Friday, February 12, 2010

Doi Chaang coffee’s Canadian connection

We do like our coffee, and the instant coffee so commonly served in Thailand just doesn’t make the grade.

So when a day trip to see the Doi Chaang coffee plant and nearby coffee growing plantations came up, we jumped at the opportunity. A bit of research had shown us that coffee from this region has a Canadian connection, and is considered to provides some of the finest beans in the world.

Nor were we deterred by the fact that it would mean spending a whole day in the back of an open pickup truck ascending steep and winding roads…

IMG_2398The road leaves the pavement to climb up the side of a ridge covered with cultivated “fields” on steep slopes. At the top of the ridge, our AFECT guide, Edd, pointed out the two distinctive peaks that give the region its name: the shapes of a mother and baby elephant (“doi” is mountain; “chaang” is elephant).

IMG_2355When we went over the ridge to descend into the Doi Chaang area, the mixed crops changed to dominantly coffee—most under the shade of mixed fruit trees.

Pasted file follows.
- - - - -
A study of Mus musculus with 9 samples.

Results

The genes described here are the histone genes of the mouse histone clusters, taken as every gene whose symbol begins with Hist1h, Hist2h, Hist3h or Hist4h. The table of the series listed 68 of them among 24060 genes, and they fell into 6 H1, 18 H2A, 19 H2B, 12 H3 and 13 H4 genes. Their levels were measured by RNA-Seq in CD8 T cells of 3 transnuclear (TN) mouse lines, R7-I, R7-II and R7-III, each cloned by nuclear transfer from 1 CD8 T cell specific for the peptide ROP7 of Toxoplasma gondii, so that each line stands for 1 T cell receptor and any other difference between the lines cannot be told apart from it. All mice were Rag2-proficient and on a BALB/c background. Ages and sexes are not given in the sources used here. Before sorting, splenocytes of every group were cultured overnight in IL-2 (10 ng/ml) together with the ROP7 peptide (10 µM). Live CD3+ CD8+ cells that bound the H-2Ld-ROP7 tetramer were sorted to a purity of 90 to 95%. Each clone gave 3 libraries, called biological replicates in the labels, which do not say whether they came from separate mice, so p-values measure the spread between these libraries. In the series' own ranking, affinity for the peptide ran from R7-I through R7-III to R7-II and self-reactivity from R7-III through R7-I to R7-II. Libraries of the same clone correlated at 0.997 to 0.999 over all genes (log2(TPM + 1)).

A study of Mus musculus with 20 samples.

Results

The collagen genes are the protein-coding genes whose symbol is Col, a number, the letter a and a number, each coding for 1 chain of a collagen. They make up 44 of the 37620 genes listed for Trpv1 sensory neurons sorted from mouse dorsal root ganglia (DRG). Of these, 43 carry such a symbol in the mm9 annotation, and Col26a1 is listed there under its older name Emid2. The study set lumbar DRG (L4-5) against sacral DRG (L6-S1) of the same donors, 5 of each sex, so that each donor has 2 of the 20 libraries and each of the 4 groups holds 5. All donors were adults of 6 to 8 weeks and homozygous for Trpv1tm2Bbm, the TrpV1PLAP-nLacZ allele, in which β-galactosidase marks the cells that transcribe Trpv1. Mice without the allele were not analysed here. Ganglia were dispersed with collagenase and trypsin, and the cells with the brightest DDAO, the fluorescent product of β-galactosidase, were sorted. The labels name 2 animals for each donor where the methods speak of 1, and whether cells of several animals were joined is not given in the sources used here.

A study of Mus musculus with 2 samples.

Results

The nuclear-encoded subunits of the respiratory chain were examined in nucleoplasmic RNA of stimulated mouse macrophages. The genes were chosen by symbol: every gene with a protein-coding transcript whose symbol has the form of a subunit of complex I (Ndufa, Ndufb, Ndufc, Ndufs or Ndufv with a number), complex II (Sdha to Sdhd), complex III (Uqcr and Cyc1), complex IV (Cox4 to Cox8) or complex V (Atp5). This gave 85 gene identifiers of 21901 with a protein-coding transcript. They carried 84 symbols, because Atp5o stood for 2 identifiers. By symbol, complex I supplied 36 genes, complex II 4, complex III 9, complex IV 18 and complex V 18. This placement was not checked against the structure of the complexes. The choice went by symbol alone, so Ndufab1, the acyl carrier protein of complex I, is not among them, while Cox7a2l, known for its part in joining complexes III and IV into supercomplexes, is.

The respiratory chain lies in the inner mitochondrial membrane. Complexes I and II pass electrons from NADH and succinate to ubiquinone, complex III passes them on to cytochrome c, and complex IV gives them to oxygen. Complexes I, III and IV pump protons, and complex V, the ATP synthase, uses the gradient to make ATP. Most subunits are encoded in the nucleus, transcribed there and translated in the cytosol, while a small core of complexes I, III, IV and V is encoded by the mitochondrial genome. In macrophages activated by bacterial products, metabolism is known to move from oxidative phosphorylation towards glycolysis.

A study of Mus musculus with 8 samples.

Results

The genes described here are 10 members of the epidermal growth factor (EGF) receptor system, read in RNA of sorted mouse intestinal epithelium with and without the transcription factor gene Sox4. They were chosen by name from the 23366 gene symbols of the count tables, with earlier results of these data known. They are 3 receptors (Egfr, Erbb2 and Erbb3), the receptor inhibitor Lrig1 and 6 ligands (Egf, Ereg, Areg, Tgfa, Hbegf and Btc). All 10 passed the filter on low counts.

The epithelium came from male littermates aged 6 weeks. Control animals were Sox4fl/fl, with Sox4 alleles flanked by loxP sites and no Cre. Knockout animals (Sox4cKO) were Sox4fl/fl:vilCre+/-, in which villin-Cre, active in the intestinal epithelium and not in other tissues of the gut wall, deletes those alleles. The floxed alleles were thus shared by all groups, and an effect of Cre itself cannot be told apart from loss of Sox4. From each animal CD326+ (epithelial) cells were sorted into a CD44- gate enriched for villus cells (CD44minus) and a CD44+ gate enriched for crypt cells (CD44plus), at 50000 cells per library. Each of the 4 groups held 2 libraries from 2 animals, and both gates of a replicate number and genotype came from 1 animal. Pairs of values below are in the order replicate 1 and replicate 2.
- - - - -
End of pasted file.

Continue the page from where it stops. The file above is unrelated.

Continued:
A Royal horticultural project was set up to encourage local people to switch from opium production to coffee. Dozens of coffee plant nurseries along the road, and plantations extending far up the slopes show that the program has had the desired effect.

IMG_2364The Doi Chaang factory is a collection point for high-quality locally grown coffee. The beans are separated from their red berries in a multi-step process: first by bruising them with a light crusher, then moving them through three different washing vats—each for a full day—to remove the husks. The raw beans are then spread out to dry in the sun.

IMG_2375The dried beans are packed into sacks and warehoused for shipment. The warehouse was about half-full when we visited, and it was mind-boggling to think of how all the sacks could possibly be trucked down the road we had just come up. Edd explained that there is an alternative road, although he said it was pretty bad in some places too.

As a joint venture with a Canadian group, a big part of the production ends up in Canada—primarily Alberta, but also BC and Ontario.

The name hadn’t mean a lot to me until I saw the company brand showing an Akha man with a turban. Then it struck me that we’d enjoyed a delicious latté in Calgary in October—and at the time I’d noted the unique logo!